Sunday, December 16, 2018

Who Makes These Decisions?

It's been a while since I've ventured outside Hudson, so it was only yesterday, heading to Germantown, that I noticed the Disneyland fusion going on at the new roundabout.

The streetlamps that appear to have been inspired by Main Street at Disneyland have been joined by split rail fences that look like they belong in Frontierland. 


  1. Carole, not to be a pollyanna, but there is a huge upside to these new lamps: the ones they replaced were 3-stories tall and cast an unfocussed, creepy, extremely bright LED glow across the landscape. Sitting in our living room more than a mile away and watching television after nightfall those awful lights glared at us through our windows every evening. Now they are gone, and because the replacements are so much lower they don't reach us and so we enjoy a bit more of the lovely night sky. I think the designers were actually functioning like good place-makers when they installed these new lamps.

    Glare from LEDs is a scourge up and down the Hudson. Now I wish we could get the Catskill side of the Rip Van Winkle Bridge to install yellower, less bright lights so they stop glaring at us harshly from across the river. Frankly I wish the Bridge Authority would do what the designers of the traffic circle did: install new lighting near the toll booths that acts like a good neighbor. No one should be tormented by LEDs in their home.

    1. I'm not commenting on the quality of the light. I'm commenting on the design of the lampposts, and the combination of the lampposts and the split rail fences.

  2. Interesting points about the lights, though, Annik. You just got a convert in me. T

  3. This comment has been removed by the author.

    1. Apologies, I removed out of vanity for some mistakes.....

      This is a great question, and one I think about all the time trying to walk in Hudson.

      This post is an object lesson in the benefits of urban planning and design as I understand it. I invite any and all corrections or amendments. I’m not a planner.

      The simple answer is urban planners whose job it is to design public spaces to increase access people of all ages and abilities.

      I think these may feel alien because they are first example of human-scale urban planning and design into our shared landscape after decades of car-scale traffic engineering.

      For me, this is the single most important conversation happening in Hudson right now, because it involves asking the City the question,

      “Who are these urban planners designing for?”
      They designed for people who walk, people who bike, and people of all ages and all abilities - first. Then cars.

      This make sense because it has been proven that when you design for the most vulnerable on the street, it makes it safer for everyone.

      This is why, I think, the roundabout is only one lane.

      Planners made the decision because it served the shared vision to prioritize the safe passage of a solo pedestrian over the efficient transport of a car or truck.

      This is not the case at 3rd & Warren, for example. We, the City of Hudson, prioritize the efficient passage of a truck over the safe passage of a solo pedestrian.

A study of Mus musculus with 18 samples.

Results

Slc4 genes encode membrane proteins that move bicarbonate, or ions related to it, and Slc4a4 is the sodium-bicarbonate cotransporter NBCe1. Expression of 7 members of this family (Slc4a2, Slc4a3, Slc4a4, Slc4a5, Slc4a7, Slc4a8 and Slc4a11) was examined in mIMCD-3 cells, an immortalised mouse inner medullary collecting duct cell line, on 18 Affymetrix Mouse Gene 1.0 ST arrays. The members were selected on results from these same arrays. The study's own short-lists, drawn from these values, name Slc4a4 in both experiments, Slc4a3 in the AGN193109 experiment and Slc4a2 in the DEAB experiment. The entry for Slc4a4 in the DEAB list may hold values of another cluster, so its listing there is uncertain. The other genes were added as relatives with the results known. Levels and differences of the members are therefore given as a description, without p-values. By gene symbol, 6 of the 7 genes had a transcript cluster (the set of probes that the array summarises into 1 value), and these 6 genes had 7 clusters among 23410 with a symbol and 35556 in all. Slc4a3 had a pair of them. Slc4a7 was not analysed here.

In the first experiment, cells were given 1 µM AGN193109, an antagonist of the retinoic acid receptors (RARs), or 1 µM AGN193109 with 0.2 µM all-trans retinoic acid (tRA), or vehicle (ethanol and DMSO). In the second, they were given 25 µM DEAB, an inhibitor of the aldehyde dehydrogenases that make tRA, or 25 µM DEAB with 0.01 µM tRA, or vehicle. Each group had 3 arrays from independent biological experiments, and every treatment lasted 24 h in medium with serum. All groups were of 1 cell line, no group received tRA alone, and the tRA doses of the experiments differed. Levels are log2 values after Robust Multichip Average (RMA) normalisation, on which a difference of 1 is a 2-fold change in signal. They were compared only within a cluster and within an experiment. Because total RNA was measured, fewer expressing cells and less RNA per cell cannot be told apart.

“How are these urban planners making this decision?”
      The secret sauce is a shared vision of the experience they wanted to create for people. In this case, I would say the vision was to increase access to the bridge for people of all ages & abilities.

      This is Complete Streets thinking in action.
It puts people first, over cars & trucks.

      As part of a sub-committee of the DPW Committee, Dominic Merante and I have drafted a resolution for the city to adopt Complete Streets policy. This would change the way the City of Hudson designs our intersections.

      We are not alone here in Hudson.
      The way we want to live in cities is changing all over the world. This kind of thinking will help Hudson compete, grow and, yes, attract tourists:

      Check out this piece in the New York Times today about how cities across the world are beginning to put people first, over cars.

  4. Some lower lights in the alleys of Hudson that would illuminate the street without blasting into everyone's windows would be a plus as well.

  5. While on the subject of lighting, I thought the flashings in the darkness was due to my blood pressure. Turns out its the intensity of those lights on top of the towers over the Hudson River !!!

  6. I agree VM. They're like disturbing pulsars, and their installation was accomplished free of the need for an environmental review.

    But when the utility offered to run the lines beneath the river almost nobody in Hudson cared enough to comment. Two people, and that was all. What a silly place.

  7. VM and umheimlich: are those very bright strobe lights at the northern end of Mt. Merino Road permanent? And do you know why they are pulsing like that? It’s very strange and eerie.

  8. The strobes lighting up the inside of my house are on the Athens side of the river, and I'd wager they're permanent. Surely they're meant to warn low-flying aircraft, and many years ago a small craft did fly into those wires killing the two or three people aboard. But I still dislike those strobes.